Hong Kong’s case for RCEP membership

Author: Julien Chaisse, City University of Hong Kong Hong Kong recently applied to join the Regional Comprehensive Economic Partnership (RCEP). The underlying aim of RCEP is to create an integrated market across the region. RCEP accounts for roughly 30 per cent of the world’s output, trade and population. RCEP membership is ‘open to any state […] The post Hong Kong’s case for RCEP membership first appeared on East Asia Forum.

Hong Kong’s case for RCEP membership

Author: Julien Chaisse, City University of Hong Kong

Hong Kong recently applied to join the Regional Comprehensive Economic Partnership (RCEP). The underlying aim of RCEP is to create an integrated market across the region. RCEP accounts for roughly 30 per cent of the world’s output, trade and population.

A child plays in front of skyline buildings, Hong Kong, China, 13 July 2021 (Photo: Reuters/Tyrone Siu)

RCEP membership is ‘open to any state or separate customs territory after the lapse of 18 months from the date of enforcement’. Accession is important for Hong Kong but also to RCEP as it opens up to new members. While there have been protests against Hong Kong’s ‘one country, two systems’ principle in the past, there appear no significant barriers or objections that would impede Hong Kong’s participation in RCEP.

Hong Kong has completed negotiations with ASEAN — a precondition for joining RCEP. ASEAN has declared that Hong Kong is ‘well-placed to add value to RCEP’. China is also supporting Hong Kong’s application to which it has no objections within the framework of its ‘one country, two systems’ arrangement. Hong Kong’s neighbours, Japan and Taiwan are also likely to have no objections.

Membership of RCEP will make Hong Kong’s trade more liberal. Hong Kong has signed eight free trade agreements (FTAs) and 21 bilateral treaties (BITs), reflective of its proactive approach to liberalisation of trade and investment policies. Hong Kong’s push for towards membership in RCEP is consistent with Hong Kong’s domestic and international economic policy strategies.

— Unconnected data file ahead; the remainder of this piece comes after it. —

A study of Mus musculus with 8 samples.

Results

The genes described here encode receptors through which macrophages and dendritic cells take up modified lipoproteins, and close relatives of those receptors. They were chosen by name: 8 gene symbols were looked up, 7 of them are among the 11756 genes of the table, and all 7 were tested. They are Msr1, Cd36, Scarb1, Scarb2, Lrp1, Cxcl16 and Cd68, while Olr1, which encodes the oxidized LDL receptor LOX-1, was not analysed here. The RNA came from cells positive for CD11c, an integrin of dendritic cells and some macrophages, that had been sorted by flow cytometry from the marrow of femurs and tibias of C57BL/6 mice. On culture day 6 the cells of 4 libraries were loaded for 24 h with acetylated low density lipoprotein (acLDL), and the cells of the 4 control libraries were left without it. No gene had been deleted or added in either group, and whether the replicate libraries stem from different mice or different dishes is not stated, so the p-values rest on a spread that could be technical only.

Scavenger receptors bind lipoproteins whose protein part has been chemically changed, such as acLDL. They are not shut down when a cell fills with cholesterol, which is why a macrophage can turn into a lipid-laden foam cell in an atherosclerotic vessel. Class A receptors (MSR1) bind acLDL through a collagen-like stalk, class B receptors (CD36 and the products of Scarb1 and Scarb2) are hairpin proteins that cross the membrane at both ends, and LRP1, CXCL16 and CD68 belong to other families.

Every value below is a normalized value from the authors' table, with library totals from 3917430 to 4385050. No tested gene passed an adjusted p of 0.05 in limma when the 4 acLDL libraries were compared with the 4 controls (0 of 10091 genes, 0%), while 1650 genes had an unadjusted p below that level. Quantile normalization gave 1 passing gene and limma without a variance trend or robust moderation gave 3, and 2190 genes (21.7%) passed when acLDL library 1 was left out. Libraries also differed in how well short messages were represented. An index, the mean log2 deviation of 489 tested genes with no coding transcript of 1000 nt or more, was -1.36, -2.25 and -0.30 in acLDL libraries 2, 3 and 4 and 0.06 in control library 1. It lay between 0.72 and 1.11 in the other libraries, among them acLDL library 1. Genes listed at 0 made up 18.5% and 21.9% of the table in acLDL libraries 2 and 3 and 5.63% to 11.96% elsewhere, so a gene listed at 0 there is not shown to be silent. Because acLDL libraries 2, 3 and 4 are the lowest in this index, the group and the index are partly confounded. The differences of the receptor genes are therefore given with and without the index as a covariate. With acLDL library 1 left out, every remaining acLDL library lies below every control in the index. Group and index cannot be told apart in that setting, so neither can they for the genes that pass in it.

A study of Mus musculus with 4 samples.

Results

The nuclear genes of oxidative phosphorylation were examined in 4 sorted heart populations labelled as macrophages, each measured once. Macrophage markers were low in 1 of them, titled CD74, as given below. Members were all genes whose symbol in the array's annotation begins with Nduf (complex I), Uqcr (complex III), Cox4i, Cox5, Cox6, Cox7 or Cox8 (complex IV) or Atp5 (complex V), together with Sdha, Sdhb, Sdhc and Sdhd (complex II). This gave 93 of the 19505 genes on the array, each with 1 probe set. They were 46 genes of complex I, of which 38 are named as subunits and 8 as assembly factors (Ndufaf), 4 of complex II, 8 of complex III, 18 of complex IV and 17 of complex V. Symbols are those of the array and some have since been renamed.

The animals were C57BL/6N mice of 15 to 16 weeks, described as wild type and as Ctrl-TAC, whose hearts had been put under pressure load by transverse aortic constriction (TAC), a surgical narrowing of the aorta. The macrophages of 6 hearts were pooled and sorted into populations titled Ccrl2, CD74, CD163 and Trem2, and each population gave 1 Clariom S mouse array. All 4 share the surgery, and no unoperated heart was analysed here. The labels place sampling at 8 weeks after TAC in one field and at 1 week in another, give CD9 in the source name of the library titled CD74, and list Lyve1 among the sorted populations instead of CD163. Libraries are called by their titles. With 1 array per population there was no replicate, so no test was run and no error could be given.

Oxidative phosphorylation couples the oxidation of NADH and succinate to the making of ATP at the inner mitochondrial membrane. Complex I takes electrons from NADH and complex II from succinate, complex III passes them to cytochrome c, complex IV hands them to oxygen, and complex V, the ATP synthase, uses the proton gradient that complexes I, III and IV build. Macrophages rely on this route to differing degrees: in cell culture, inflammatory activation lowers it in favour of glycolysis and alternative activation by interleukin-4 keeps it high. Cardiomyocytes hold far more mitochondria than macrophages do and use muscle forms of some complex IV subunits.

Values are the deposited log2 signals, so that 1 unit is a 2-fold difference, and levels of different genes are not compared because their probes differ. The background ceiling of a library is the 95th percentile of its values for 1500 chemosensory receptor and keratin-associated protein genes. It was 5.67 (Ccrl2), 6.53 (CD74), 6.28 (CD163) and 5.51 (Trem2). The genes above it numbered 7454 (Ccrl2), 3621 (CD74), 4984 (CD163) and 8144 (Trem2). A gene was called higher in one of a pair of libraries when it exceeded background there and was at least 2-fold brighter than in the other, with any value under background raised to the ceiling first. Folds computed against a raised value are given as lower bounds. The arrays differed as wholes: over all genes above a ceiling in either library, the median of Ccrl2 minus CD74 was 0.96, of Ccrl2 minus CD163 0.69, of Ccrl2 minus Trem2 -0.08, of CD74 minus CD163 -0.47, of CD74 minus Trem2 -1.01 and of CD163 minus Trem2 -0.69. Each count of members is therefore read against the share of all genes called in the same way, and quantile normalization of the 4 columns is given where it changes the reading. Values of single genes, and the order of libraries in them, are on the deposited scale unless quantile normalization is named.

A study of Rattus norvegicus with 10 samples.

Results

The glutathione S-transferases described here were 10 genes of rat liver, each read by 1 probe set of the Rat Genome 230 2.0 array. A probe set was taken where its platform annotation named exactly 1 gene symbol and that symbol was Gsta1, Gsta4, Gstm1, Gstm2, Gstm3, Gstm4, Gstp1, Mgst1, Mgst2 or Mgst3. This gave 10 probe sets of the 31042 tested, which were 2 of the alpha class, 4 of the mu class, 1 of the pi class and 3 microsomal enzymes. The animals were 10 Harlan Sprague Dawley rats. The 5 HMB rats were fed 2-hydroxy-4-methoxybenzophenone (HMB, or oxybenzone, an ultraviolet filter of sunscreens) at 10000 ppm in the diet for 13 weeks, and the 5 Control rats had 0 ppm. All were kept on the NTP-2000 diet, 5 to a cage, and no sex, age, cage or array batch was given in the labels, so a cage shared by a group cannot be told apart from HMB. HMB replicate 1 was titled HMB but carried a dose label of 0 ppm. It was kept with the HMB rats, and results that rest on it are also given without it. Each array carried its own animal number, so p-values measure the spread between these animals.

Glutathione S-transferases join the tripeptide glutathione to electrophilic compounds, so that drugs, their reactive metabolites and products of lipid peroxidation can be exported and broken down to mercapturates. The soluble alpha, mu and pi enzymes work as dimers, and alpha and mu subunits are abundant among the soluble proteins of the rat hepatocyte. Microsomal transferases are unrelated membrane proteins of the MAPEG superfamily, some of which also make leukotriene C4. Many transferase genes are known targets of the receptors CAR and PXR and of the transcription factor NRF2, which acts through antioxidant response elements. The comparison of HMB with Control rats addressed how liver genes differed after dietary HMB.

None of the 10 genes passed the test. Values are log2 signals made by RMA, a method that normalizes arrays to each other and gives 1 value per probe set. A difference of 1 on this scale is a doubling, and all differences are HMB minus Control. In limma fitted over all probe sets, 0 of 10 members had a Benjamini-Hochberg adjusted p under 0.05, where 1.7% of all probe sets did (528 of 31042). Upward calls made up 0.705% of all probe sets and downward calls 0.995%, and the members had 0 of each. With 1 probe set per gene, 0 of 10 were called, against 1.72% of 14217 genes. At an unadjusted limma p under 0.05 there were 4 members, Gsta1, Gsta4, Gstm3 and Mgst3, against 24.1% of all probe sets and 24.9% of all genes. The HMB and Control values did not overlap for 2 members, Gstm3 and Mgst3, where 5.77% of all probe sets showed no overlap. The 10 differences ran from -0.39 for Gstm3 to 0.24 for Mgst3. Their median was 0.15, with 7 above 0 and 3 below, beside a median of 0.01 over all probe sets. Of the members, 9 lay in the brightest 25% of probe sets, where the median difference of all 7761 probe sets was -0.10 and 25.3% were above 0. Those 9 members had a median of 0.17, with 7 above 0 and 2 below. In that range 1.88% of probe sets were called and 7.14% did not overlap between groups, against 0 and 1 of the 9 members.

Hong Kong’s decision to seek membership of RCEP, as an export-oriented economy with intensive trade with other RCEP members, makes sense. Membership will also favour Hong Kong’s future investment ideals. At the moment, Hong Kong does not have bilateral trade agreements with Japan or South Korea. By joining RCEP, Hong Kong may be able to capitalise on significant new trade and investment opportunities with both these countries.

Hong Kong boasts a stable financial market and free flows of capital and services. It has also signed FTAs which are structured to facilitate improvements in market access and boost investment flows with the rest of the world, especially with ASEAN countries. Given the number of Hong Kong’s FTAs with RCEP members, Hong Kong’s trade policies are already in alignment with the agreement’s obligations. Hong Kong’s membership of RCEP would simplify trade relations with members by combining a multitude of bilateral FTAs into one common framework.

RCEP creates a common rulebook for the trade in goods and services across the RCEP region replacing the complexity of multiple trade agreements. It also aims to better the business climate through more effective rules pertaining to issues such as intellectual property and commerce. There will be areas where Hong Kong will need to make its re-exports and domestic exports eligible for preferential tariff treatment and trade facilitation measures. This will not be a major challenge since most of its trade policies and practices already aim to promote free trade and trade liberalisation.

A number of advantages will flow to Hong Kong after it joins RCEP. It will deliver benefits from multilateralism within the region and eventually eliminate tariffs on 91 per cent of goods — creating a free trade zone covering a third of the world economy. Hong Kong’s unique location position it in the centre of regional trade.

RCEP measures — such as tariff reductions, market access, removal of non-tariff trade barriers and simplified customs procedures — are just some of the benefits that Hong Kong will enjoy as a member of RCEP that will lift GDP and employment. Lower tariff barriers will also reduce the costs for many companies operating in value chains across the region and help build supply chain resilience.

Hong Kong has the potential to be a significant economic participant in RCEP. Enhancing its dynamism through lower tariffs, simplified trade and commercial rules and procedures, and expanded market access and trade relations with Japan and South Korea will facilitate the movement of goods and strengthen Hong Kong’s global economic presence.

Julien Chaisse is Professor at the School of Law in the City University of Hong Kong and is the President of the Asia Pacific FDI Network.

The post Hong Kong’s case for RCEP membership first appeared on East Asia Forum.